Thursday, March 10, 2011

Denmark's new immigration minister: become like us or stay away

Either foreigners make an effort to become Danish or they can just stay away from Denmark, according to Søren Pind, the new immigration minister. Only hours after taking over as immigration minister after Birthe Rønn Hornbech was fired yesterday, Pind declared himself ready to tighten up the immigration laws.

According to Pind, it should be set in stone that Denmark has room for foreigners that adopt and respect Danish values, norms and traditions; if they don’t, they shouldn’t be here at all. “The way I see it, when you choose Denmark, you choose Denmark because you want to become Danish,” Pind told Jyllands-Posten newspaper.

He highlighted a misunderstood notion of integration, where traditional Danish values have been compromised in an attempt to accommodate foreigners. This, he said, is a threat to Denmark as a nation. “In my view, a mixture of cultures and the trails it carries with it makes the whole thing crackle, and I will do everything I can to fight that,” he said.

This is great news for the Danish People’s Party (DF). “There are several areas where tightening measures are needed, so Søren Pind’s statement is definitely good for us to hear,” said DF’s immigration spokesperson Peter Skaarup.

In the opposition, Socialist People’s Party (SF) immigration spokesperson Astrid Kragh said that the nation is under threat if Søren Pind fails to realise that he needs to focus on high-priority tasks involving ghettos, education of non-ethnic youths and unemployment among foreigners.


Murdered Border Agent Brought Beanbag to a Gunfight

In a story that is creating a firestorm in the United States, a policy requiring U.S. Border Patrol agents to use non-lethal bean bags as an initial weapon may have led to the murder of a decorated federal agent who was viciously gunned down by a heavily armed group of illegal immigrants in Arizona.

The deadly gun battle took place on December 14, but the Department of Homeland Security has kept details from the public under the often-invoked premise that it's an “ongoing investigation,” according to officials at Judicial Watch, a Washington-based public interest group.

This week the newspaper, the Arizona Star, obtained FBI files relating to the case and the details are sure to ignite rage among those who favor securing the increasingly violent southern border.

The murdered agent, Brian Terry, and his colleague encountered five illegal border crossers at around 11:15 p.m. in an area known as Peck Canyon, northwest of Nogales, Arizona. The illegal aliens refused commands to drop their weapons and the two federal agents proceeded to fire beanbags, as per Border Patrol policy to use non-lethal force against illegal aliens entering the U.S.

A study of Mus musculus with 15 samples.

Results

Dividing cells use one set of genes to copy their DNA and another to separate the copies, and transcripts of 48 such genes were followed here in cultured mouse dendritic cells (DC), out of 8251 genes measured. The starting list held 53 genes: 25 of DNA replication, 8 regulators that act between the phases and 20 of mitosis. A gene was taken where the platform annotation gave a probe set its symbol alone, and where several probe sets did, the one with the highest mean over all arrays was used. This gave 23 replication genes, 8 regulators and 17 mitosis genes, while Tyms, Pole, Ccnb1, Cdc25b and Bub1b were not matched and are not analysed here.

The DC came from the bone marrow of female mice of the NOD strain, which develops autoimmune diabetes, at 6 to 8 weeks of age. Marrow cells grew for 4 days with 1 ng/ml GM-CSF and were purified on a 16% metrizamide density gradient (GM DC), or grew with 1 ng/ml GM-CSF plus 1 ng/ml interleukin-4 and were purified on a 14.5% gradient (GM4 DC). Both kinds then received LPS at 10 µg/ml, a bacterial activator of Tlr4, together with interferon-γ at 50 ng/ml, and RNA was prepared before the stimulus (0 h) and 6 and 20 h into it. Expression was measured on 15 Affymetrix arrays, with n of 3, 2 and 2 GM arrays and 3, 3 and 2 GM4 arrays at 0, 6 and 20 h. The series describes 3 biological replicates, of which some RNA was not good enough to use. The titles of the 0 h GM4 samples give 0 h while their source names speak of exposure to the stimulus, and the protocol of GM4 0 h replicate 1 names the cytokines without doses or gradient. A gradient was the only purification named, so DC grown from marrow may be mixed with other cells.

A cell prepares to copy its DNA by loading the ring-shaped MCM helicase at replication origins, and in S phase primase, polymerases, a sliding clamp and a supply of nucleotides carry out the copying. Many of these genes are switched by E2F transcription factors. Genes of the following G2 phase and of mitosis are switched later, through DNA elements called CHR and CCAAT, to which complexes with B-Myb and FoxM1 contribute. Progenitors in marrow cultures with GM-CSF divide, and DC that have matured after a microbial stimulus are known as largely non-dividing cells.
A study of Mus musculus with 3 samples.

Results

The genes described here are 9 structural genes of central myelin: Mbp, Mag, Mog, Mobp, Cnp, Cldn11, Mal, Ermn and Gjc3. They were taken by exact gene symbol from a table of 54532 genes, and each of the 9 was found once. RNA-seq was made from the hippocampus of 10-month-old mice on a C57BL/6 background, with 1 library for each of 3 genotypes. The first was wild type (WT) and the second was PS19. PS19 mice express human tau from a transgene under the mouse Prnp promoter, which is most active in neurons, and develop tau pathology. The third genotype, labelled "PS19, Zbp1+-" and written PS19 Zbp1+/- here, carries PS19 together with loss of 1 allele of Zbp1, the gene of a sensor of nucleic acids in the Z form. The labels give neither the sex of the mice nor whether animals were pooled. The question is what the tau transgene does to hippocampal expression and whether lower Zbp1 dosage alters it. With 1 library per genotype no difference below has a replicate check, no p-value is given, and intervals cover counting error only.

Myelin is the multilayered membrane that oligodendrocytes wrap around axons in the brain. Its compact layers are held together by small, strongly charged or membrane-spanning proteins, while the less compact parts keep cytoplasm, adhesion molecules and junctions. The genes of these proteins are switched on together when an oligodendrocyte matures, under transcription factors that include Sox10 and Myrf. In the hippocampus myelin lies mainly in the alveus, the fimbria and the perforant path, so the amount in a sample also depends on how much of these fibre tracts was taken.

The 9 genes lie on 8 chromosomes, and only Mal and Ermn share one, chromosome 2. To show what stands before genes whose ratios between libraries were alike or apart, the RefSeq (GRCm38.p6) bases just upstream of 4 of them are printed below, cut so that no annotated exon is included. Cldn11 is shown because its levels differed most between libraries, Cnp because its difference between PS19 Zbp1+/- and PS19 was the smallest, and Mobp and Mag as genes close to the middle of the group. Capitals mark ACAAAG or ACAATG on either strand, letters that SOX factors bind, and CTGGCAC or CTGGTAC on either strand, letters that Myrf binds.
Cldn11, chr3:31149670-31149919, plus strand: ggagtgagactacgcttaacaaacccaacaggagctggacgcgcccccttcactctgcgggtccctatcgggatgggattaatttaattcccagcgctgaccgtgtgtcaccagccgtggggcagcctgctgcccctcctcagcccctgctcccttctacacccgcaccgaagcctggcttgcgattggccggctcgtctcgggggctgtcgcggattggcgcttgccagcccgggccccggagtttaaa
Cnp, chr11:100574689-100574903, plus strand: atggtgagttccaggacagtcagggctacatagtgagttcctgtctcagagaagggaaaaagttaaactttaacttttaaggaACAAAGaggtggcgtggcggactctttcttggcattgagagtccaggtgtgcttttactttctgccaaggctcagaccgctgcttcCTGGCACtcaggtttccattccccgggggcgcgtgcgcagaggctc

The illegal immigrants, who were heavily armed with sophisticated assault weapons such as AK-47s, responded to the beanbags with gunfire and agent Terry was mortally wounded -- shot in the back. The agents eventually returned fire but it was too late for Agent Terry.

Terry was a member of a highly trained tactical unit (Bortac) that was targeting a violent gang that robbed and assaulted other criminals such as drug runners, human traffickers and illegal aliens.

"This is indicative of the current administration: they are more concerned with the safety and well-being of lawbreakers than they are about protecting American law enforcement officers," claims former police detective Peter Perotta.

"This is what happens when you have a community organizer in the White House, instead of a Commander in Chief, who surrounds himself with like-minded department heads to lead law enforcement agencies," said the decorated cop.

Judicial Watch also noted that a separate news report -- this time in the L.A. Times --indicates that the gun used to murder Terry was actually part of a federal experiment that allowed firearms from the U.S. to be smuggled into Mexico so they could eventually be traced to drug cartels. Instead, federal law enforcement officers have lost track of hundreds of guns which have been used in numerous crimes.

Among them were at least three guns found at the Peck Canyon scene of Terry’s murder. The weapons were traced through their serial numbers to a gun shop in Glendale, Arizona, which led to a Phoenix man (Jaime Avila) that the feds repeatedly allowed to smuggle firearms into Mexico.

Known as Operation Fast and Furious, the disastrous project was run by the Bureau of Alcohol, Tobacco, Firearms and Explosives (ATF), according to Judicial Watch officials.